On Monday CNBC posted an article about a Supreme Court decision regarding President Trump’s immigration policy.
The article reports:
The Supreme Court said Monday that it will allow the Trump administration’s “public charge” rule to take effect after the immigration policy had been blocked by lower courts.
The 5-4 vote was divided along partisan lines, with the court’s four Democratic appointees indicating that they would not have allowed the policy to be enforced.
The court’s five conservatives, including Chief Justice John Roberts, formed the majority siding with the administration. The decision came as Roberts was presiding over President Donald Trump’s impeachment trial in the Senate.
The rule, which was proposed in August, will make it more difficult for immigrants to obtain permanent residency, or green cards, if they have used or are likely to use public benefits like food stamps and Medicaid.
Under previous federal rules, a more narrow universe of public benefits, such as cash assistance and long-term hospitalization, were considered in determining whether an immigrant was likely to become a “public charge.”
The following statistics are from the Center for Immigration Studies:
- No single program explains non-citizens’ higher overall welfare use. For example, not counting school lunch and breakfast, welfare use is still 61 percent for non-citizen households compared to 33 percent for natives. Not counting Medicaid, welfare use is 55 percent for immigrants compared to 30 percent for natives.
- Welfare use tends to be high for both newer arrivals and long-time residents. Of households headed by non-citizens in the United States for fewer than 10 years, 50 percent use one or more welfare programs; for those here more than 10 years, the rate is 70 percent.
- Welfare receipt by working households is very common. Of non-citizen households receiving welfare, 93 percent have at least one worker, as do 76 percent of native households receiving welfare. In fact, non-citizen households are more likely overall to have a worker than are native households.1
- The primary reason welfare use is so high among non-citizens is that a much larger share of non-citizens have modest levels of education and, as a result, they often earn low wages and qualify for welfare at higher rates than natives.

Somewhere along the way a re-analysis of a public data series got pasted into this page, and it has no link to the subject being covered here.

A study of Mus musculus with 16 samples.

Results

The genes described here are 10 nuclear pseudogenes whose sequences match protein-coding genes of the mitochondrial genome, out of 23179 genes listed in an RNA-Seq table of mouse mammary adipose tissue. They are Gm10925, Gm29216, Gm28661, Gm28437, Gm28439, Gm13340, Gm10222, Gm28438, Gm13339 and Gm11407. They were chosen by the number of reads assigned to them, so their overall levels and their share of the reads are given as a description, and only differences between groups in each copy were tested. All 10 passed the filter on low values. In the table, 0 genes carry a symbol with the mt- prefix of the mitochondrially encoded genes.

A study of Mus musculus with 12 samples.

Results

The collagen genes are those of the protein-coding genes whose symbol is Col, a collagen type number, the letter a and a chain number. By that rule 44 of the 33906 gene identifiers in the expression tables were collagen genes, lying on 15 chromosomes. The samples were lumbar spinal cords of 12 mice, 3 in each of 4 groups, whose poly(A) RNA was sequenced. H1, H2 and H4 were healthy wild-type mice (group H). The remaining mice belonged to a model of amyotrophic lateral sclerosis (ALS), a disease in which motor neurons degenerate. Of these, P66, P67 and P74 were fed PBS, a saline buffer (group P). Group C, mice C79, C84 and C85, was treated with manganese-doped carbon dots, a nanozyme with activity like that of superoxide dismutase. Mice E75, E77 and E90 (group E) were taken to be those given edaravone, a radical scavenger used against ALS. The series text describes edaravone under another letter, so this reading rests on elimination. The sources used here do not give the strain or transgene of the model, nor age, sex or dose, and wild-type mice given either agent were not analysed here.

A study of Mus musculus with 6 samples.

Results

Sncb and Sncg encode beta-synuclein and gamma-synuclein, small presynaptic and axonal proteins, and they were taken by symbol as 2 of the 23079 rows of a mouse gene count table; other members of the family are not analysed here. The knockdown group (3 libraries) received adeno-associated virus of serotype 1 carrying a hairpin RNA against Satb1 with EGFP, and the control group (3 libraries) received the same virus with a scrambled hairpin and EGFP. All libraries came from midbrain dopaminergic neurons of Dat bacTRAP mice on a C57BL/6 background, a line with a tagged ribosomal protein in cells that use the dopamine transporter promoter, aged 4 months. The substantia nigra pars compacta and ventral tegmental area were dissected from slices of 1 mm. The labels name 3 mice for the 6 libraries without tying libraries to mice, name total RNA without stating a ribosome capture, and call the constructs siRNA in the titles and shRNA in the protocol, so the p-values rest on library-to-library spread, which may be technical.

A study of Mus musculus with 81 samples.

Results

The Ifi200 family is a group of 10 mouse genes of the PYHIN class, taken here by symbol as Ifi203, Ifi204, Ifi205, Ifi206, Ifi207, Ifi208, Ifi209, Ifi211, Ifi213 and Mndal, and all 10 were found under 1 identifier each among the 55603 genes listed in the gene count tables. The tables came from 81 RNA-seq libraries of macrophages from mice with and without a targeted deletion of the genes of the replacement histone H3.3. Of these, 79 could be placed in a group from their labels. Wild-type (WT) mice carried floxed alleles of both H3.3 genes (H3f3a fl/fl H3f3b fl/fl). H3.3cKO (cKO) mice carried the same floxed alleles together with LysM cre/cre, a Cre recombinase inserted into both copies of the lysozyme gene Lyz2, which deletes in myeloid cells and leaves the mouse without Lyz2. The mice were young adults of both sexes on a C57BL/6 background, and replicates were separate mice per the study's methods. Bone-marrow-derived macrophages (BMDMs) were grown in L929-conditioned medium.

- Of all non-citizen households, 58 percent are headed by immigrants who have no more than a high school education, compared to 36 percent of native households.
- Of households headed by non-citizens with no more than a high school education, 81 percent access one or more welfare programs. In contrast, 28 percent of non-citizen households headed by a college graduate use one or more welfare programs.
- Like non-citizens, welfare use also varies significantly for natives by educational attainment, with the least educated having much higher welfare use than the most educated.
- Using education levels and likely future income to determine the probability of welfare use among new green card applicants — and denying permanent residency to those likely to utilize such programs — would almost certainly reduce welfare use among future permanent residents.
- Of households headed by naturalized immigrants (U.S. citizens), 50 percent used one or more welfare programs. Naturalized-citizen households tend to have lower welfare use than non-citizen households for most types of programs, but higher use rates than native households for virtually every major program.
- Welfare use is significantly higher for non-citizens than for natives in all four top immigrant-receiving states. In California, 72 percent of non-citizen-headed households use one or more welfare programs, compared to 35 percent for native-headed households. In Texas, the figures are 69 percent vs. 35 percent; in New York they are 53 percent vs. 38 percent; and in Florida, 56 percent of non-citizen-headed households use at least welfare program, compared to 35 percent of native households.
At this point I need to say that I am not against helping people in need, but we do need to get our priorities in order. Our Veterans’ Administration health system is horrible. It is underfunded and does not have the facilities necessary to meet the needs of our returning veterans. We have been at war for eighteen years, and we have broken faith with those who have fought those wars. Shouldn’t taking care of those veterans be a higher priority than taking care of people who are not American citizens? Look at the budget deficits we are running–we can’t afford to do both.
I applaud the Supreme Court for upholding a common-sense approach to immigration.